Chinese moves in South China Sea unsettling to Southeast Asian countries

Kristie Lu Stout South China Sea graphic explainer    _00003005
Kristie Lu Stout South China Sea graphic explainer    _00003005


  • China has been building structures that could potentially house missiles, report says
  • Evidence of building, reclamation in region is unsettling, regional group's ministers say

(CNN)China responded Wednesday to claims it's been building in the contested waters of the South China Sea, reiterating it has "indisputable sovereign rights over islands" in the sea and their surrounding waters.

The strongly worded statement came in response to a news report published Wednesday saying China has nearly finished building almost two dozen structures on Subi, Mischief and Fiery Cross reefs -- part of the Spratly Islands chain.
    According to Reuters, US officials said the structures "appear designed to house long-range surface-to-air missiles," and that building concrete structures on the chain -- where China already has built military-length airstrips -- "could be considered a military escalation."
    At a press conference Wednesday, Chinese Foreign Ministry spokesman Geng Shuang denied any wrongdoing, saying his country strove to preserve "peace and stability" in the region.
    He added that China was operating within its territorial rights.
    "I want to reiterate that China building facilities, including deploying necessary and appropriate national defense installations in its own territory, is exercising our sovereign right recognized by international law," Geng said.
    "We hope other countries respect our efforts and do more to help preserve peace and stability in the region."
    At a retreat Tuesday on the Philippine island on Boracay, the Association of Southeast Asian Nations ministers stressed that demilitarization was a key component of relations between the regional group and China.
    "The ASEAN ministers have been unanimous in their expression of concern about what they see as the militarization of the region," Philippine Foreign Secretary Perfecto Yasay told reporters, using the acronym for the group of Southeast Asian countries.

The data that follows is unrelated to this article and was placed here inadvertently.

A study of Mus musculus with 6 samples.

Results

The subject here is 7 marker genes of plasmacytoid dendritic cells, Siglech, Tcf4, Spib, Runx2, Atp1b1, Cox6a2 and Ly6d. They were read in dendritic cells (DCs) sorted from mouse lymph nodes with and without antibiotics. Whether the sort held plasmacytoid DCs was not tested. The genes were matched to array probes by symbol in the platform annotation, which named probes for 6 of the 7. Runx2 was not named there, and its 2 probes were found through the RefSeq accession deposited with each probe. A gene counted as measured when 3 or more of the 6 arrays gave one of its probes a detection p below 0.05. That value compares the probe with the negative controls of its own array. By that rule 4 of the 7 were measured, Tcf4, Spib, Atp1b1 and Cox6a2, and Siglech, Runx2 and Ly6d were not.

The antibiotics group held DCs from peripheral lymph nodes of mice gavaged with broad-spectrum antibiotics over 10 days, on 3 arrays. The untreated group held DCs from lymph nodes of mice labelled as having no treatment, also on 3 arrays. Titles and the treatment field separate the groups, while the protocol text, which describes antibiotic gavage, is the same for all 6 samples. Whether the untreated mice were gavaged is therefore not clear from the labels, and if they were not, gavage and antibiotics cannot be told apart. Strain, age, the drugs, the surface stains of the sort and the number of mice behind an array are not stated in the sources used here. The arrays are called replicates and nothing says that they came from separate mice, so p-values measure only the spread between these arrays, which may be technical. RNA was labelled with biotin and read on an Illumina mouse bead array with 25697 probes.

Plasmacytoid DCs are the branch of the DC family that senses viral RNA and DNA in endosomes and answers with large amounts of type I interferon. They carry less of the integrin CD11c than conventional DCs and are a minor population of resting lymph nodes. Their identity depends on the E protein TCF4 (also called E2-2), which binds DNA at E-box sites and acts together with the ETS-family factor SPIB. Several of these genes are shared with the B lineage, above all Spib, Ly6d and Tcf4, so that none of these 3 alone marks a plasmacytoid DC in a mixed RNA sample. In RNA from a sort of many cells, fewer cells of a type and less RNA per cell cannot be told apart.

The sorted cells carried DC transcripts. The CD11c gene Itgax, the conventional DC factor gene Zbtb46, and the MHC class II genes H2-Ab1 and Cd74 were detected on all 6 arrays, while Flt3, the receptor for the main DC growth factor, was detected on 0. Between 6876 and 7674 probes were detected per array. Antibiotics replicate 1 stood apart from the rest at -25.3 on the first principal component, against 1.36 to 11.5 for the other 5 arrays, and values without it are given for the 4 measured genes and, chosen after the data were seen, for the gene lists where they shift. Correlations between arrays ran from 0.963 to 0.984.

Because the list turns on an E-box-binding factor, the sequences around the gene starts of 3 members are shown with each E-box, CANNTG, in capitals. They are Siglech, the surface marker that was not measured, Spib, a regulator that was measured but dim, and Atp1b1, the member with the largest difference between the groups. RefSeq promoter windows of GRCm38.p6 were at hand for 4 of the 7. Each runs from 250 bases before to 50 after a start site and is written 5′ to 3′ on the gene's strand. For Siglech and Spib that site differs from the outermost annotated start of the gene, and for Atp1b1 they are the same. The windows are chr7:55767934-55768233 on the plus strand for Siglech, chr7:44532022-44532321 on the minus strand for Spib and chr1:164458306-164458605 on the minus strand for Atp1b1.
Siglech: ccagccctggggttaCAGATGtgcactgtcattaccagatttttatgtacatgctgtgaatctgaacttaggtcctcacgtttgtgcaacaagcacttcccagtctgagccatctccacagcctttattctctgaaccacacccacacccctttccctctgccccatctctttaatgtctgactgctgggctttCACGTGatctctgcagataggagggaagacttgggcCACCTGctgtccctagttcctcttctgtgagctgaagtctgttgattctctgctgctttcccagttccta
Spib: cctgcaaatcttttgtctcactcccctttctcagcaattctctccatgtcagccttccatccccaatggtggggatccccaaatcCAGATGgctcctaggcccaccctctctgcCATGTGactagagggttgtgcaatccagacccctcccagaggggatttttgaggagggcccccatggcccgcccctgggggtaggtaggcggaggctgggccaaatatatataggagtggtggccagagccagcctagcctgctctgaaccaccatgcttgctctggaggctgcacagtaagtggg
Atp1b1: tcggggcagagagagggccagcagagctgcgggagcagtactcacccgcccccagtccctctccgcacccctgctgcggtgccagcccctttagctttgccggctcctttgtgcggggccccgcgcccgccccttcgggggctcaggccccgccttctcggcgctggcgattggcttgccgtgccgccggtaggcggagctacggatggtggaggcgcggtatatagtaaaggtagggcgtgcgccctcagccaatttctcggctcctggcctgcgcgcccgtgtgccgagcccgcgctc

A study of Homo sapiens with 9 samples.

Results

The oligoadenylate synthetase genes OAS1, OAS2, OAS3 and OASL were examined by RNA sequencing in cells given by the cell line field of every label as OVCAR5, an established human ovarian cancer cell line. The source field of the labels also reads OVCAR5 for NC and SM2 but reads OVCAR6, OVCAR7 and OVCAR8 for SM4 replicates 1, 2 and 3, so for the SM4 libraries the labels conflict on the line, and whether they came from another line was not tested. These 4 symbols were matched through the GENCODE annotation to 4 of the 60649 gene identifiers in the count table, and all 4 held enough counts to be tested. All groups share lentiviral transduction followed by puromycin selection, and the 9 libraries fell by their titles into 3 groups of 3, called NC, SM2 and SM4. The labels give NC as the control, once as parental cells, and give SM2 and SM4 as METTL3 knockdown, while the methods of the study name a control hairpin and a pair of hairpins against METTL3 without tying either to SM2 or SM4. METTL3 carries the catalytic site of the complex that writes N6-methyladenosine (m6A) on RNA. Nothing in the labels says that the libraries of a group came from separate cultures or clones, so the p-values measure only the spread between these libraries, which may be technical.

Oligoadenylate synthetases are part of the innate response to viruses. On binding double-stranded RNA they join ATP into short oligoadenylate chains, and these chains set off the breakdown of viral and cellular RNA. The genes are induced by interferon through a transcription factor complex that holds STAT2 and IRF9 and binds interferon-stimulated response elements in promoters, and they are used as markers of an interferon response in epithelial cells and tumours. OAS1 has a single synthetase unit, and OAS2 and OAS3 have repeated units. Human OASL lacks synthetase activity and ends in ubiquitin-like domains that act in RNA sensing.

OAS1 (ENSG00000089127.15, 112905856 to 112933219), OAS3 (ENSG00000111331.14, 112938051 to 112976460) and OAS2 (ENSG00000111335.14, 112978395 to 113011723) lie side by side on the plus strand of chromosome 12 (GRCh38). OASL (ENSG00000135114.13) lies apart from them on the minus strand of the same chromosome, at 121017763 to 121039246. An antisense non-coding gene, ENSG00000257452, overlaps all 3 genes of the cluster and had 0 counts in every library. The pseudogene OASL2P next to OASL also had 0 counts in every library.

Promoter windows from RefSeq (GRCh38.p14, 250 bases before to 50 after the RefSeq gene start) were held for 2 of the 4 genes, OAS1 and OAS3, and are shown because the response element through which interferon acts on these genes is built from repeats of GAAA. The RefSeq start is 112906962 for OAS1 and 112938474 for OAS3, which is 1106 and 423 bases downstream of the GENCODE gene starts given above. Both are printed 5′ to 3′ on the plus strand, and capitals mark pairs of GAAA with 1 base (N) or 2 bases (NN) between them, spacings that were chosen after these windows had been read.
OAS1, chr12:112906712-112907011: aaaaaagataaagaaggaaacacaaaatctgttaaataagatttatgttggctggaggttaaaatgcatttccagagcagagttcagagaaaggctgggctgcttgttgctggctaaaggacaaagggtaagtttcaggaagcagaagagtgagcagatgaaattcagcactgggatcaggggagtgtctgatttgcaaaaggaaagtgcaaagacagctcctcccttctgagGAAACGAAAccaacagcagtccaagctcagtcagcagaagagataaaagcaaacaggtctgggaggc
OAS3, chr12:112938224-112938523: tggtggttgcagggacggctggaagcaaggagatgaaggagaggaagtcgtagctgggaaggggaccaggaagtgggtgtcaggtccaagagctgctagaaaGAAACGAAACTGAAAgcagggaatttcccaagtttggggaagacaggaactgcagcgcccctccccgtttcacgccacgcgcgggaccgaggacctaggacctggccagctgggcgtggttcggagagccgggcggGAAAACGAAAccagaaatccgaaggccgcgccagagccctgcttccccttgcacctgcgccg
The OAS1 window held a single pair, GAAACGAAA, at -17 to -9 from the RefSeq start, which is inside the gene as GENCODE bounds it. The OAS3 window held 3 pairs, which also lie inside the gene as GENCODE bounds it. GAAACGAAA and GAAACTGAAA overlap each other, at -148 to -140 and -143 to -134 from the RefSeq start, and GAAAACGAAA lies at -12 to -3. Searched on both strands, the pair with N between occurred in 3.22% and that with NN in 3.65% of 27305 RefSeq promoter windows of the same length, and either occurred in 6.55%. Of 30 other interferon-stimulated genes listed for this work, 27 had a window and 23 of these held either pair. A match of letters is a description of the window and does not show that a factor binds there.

"In so far as certain reclamation of certain features built on the South China Sea that had been completed, they (ASEAN ministers) have noticed, very unsettlingly, that China has installed weapons systems in these facilities that they have established."
    Vietnam, Malaysia, the Philippines and Taiwan have also reclaimed land in the South China Sea, but their land grab -- the US says about 100 acres over 45 years -- is dwarfed by China's massive, recent buildup.

    Disputed waters

    The move comes amid growing tensions between China and the United States as President Donald Trump has shown himself more willing to take a confrontational stance with Beijing than his predecessor.
    On Saturday, the United States deployed the aircraft carrier USS Carl Vinson to the disputed waters of the South China Sea as part of maritime "routine operations."
    "China respects and upholds the freedom of navigation and overflight in the South China Sea, which countries enjoy under international law, but firmly opposes any country's attempt to undermine China's sovereignty and security in the name of the freedom of navigation and overflight," the Chinese Foreign Ministry spokesman said at the time.
    During his Senate confirmation hearing last month, US Secretary of State Rex Tillerson said China should be blocked from accessing the artificial islands it's built, setting the stage for a potential showdown.
    Tensions in the disputed waters have ratcheted up since 2014 as China has turned sandbars into islands, equipping them with airfields, ports and weapons systems and warned US warships and aircraft to stay away from them.